From: Dmitry Gutov
Subject: Re: progmodes/project.el and search paths
Date: Tue, 11 Aug 2015 23:01:39 +0300
User-agent: Mozilla/5.0 (X11; Linux x86_64; rv:40.0) Gecko/20100101 Thunderbird/40.0

Hi Eric,

Sorry for the late reply. I wasn't really sure what kind of response is expected.

In short, I like your vision as a whole, but whether each particular element of it can apply to project.el, should be investigated separately.

On some of them:

* I wonder what's the main use of having hierarchical projects vs. simply tracking several currently open projects (or project roots). And how the consumers of the API would take advantage of that distinction.

* Project services seem to be the proper way to handle optional traits of significant size that some projects have, and others don't.

* "Project Loading safety" are probably out of scope. I'd expect the majority of implementations to be based around loading a project build (or settings) file of pre-existing format. The popular IDEs don't ask the user whether they want to load the project file. On the other hand, some project types might need to be enabled/visited explicitly.

* WRT "Detection ordering", the current project-find-functions structure might be enough. Any Makefile project implementation will most likely go before the VC project anyway (unless the respective add-hook form is told to APPEND, for some reason). And it's hard for us to expect for third-party implementations to be able to declare priorities between themselves.

* "Update meta-data" might be handled by each respective implementation, in conjunction with auto-revert-mode.

* "Project browsing" shouldn't need much more than project.el exposes already.

* "Project Local Variables" look very similar to project metadata.

* The "'include path' concept" looks very similar to project-search-path. This might be the main purpose for the project-search-path entries that lie within project-roots.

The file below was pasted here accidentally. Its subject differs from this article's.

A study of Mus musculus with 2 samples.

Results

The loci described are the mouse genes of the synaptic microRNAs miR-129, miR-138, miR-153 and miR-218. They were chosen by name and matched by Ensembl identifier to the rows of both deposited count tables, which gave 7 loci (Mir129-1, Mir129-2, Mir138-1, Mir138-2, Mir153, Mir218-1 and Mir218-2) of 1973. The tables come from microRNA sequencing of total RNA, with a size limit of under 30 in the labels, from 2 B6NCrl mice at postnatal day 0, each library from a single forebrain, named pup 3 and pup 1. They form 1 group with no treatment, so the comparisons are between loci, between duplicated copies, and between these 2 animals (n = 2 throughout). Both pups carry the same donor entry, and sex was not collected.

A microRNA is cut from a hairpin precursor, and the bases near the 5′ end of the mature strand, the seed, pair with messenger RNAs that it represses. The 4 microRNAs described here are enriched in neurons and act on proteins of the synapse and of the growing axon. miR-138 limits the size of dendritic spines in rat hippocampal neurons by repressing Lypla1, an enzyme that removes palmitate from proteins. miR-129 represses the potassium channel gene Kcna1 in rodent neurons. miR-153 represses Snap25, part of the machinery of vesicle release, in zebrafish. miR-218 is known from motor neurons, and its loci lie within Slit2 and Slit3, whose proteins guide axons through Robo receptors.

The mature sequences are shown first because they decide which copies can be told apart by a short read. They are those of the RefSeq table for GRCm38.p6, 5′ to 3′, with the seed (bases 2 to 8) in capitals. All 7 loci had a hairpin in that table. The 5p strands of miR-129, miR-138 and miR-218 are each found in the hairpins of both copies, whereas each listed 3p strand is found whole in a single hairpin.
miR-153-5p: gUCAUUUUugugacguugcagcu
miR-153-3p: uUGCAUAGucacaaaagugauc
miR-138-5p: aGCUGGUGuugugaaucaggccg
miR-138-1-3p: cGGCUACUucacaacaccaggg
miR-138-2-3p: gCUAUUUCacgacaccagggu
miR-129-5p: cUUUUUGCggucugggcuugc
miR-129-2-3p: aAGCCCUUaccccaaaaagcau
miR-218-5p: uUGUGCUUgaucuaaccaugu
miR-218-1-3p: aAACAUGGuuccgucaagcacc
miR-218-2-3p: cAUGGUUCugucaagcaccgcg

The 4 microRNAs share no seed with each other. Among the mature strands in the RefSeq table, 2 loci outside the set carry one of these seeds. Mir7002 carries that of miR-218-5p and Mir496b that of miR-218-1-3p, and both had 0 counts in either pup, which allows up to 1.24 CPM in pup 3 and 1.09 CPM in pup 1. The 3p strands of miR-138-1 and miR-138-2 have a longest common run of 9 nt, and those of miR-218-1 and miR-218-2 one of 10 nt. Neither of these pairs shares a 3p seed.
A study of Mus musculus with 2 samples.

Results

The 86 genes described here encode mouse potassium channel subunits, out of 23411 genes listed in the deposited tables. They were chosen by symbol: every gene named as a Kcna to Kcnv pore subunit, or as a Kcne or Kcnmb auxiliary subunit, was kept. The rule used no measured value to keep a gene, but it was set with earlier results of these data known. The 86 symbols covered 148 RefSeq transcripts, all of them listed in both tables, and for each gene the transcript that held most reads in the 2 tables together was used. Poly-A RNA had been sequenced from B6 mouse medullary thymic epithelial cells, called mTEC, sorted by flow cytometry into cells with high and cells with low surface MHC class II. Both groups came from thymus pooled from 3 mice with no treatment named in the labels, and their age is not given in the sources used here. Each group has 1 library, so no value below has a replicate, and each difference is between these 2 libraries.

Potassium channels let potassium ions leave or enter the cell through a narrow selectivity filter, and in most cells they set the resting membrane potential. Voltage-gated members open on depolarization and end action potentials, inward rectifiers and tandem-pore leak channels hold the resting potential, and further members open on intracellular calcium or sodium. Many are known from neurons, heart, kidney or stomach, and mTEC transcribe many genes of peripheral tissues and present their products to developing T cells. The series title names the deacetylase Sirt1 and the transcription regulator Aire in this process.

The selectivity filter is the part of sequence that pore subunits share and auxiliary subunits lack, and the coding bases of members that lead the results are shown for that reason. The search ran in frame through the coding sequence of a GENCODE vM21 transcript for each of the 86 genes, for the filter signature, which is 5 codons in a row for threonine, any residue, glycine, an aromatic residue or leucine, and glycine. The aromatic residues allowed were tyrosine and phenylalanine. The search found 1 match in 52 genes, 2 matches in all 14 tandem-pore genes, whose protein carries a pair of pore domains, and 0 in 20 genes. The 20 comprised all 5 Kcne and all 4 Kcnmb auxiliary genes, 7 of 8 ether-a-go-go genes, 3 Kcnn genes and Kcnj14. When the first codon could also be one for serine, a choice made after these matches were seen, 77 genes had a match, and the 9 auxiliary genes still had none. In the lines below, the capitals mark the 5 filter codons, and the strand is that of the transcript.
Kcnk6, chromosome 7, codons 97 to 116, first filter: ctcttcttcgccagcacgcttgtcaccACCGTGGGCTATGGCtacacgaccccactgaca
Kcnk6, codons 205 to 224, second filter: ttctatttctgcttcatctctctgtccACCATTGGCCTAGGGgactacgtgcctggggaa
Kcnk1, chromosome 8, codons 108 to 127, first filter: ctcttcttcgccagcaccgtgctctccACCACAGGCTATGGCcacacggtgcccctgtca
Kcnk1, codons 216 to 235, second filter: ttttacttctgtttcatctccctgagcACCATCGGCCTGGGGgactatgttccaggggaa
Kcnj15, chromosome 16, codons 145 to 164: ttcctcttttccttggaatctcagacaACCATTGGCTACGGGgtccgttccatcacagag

* WRT cscope, etc, integration, I think the main unsolved problem we currently have is that they aren't re-run automatically. Nor do we have a command that would do that for the user on demand.

* "Load a project" seems incompatible with the project-find-functions approach. Which is unfortunate.

* "navigating between code and doc", as stated, doesn't seem particularly useful: if you're reading the source code of a function, the docstring is usually right above. Jumping from the doc to the source is better, but this is closer to the domain of xref.

* "Language specificity" might be useful, but in practical terms it sounds like adding an optional (?) "language" argument to project-search-path and any similar method that we add later. Which complicates implementations. Or just have an Emacs-global repository of file name patterns corresponding to languages? Not sure.

* "commands specific to project implementations" could also be added by the minor modes supplied by the implementations' packages.

On 08/05/2015 04:29 AM, Eric Ludlam wrote:

Emacs has a lot of tools that could use a project service, and sometimes
all the tool needs is a small push of convenience, and not full project
management system.  A generic project system will make it easy to add
small conveniences in lots of places you may not expect because tool
authors will feel safe using it.

That's the idea, yes.

The attached is my experience of things I either needed in EDE's base
classes to implement a project, or that some tool needed, and what I
learned along the way.  You might think it is too EDE specific,

I wouldn't say the majority of items in the list are EDE specific.

I consider this file incomplete, but I hope it proves useful as a
starting point.  I'd be happy to periodically update it for a little
while if it is useful.

Were we using a nice issue tracker, I'd have asked to create a tracking issue (or would've created one myself), but in the present situation, I guess you'll have to resend it with updates.

But in any case, I'd say technical proposals on specific features, as well as patches, would provide more value here, rather than maintaining a high-level overview of things we might get around to someday.